At the January 1890 meeting of the Williamsport town council, the following petition was submitted. “Whereas, professional peddlers and hawkers have become numerous and are selling inferior articles of merchandise to the citizens of Williamsport and vicinity and charging exorbitant prices therefore; and Whereas, said practices are a nuisance to and an imposition upon the citizens and a detriment to the businesses of honest merchants and business men of said town and community. Therefore, We, the undersigned, merchants and business men of said town petition ... to impose heavier license for such privileges…”
The town council adopted an ordinance “that any person, being a traveling peddler, who shall bring into the corporate limits of the town of Williamsport any dry goods, groceries, hardware, cutlery, jewelry, slaughtered animals, or any other articles for the purpose of gain or profit, and peddling the same from house to house, or upon the streets of said town…” pay $5 per day for a license. Any person not licensed will be fined not less than ten dollars and not more than $15.
At the February meeting, the council passed an ordinance “that it shall be unlawful for any person or persons to directly or indirectly sell, barter or give away for the purpose of gain, spirituous , vinous, or malt liquors in a less quantity that a quart at a time …. without first obtaining a license.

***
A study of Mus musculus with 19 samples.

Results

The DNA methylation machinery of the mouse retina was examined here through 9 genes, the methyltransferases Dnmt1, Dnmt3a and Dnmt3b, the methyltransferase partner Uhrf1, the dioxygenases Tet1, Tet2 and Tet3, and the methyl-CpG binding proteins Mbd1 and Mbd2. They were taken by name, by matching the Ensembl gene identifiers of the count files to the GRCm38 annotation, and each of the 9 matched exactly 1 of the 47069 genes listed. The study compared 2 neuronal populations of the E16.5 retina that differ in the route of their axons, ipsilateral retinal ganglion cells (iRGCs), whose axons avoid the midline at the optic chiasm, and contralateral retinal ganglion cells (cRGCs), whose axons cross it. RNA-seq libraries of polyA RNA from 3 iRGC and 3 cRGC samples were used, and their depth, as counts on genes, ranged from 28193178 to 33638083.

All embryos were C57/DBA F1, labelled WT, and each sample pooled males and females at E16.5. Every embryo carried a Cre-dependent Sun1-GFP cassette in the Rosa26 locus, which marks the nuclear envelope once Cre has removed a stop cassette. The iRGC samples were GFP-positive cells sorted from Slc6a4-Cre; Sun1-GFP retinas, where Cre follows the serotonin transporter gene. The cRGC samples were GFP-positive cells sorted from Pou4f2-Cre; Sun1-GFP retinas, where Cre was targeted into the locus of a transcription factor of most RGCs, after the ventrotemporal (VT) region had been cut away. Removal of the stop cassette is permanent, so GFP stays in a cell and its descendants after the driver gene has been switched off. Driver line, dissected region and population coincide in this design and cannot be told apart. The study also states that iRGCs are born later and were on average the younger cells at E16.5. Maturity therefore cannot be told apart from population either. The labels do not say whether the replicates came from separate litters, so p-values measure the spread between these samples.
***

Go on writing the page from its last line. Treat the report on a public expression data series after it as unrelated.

“ Nor shall any person without having first procured such license sell or barter any intoxicating liquors to be drank in his house, out-house, garden or the appurtenances thereto belonging.” If anyone desires to sell less than a quart at a time he shall pay $150 for a one year license. Any persons not licensed and convicted shall be fined $25.
The council also passed a hog ordinance stating: “all hogs found running at large within the corporate limits of said town and not having two rings, commonly used for such purpose, securely fastened in the nose of each hog so as to keep them from rooting the ground, shall ….” be taken by the Marshal and impounded.
"The Marshal shall immediately give notice to the owner of such animal. If the owner is not known, then within 24 hours the Marshal shall give notice by posting up written notices in three public places in town stating as near as possible the age and description of such animal and the place where impounded.
"The Marshal shall be entitled to receive from the owners 50 cents per animal impounded and 25 cents for each day such animal is kept and fed by the Marshal. After two days from giving notice if no person has claimed or paid the fee, the Marshal shall advertise such property for sale at public auction in 10 days. He shall post written notices in three public places stating the time and place of the sale, and description of the property.
"The Marshal shall be entitled to 50 cents for each animal sold. Any remaining money after paying fees will be paid to the owner on proof of ownership if made within six months from the date of the sale."
Terri Wargo writes for the Warren County (Indiana) Historical Society.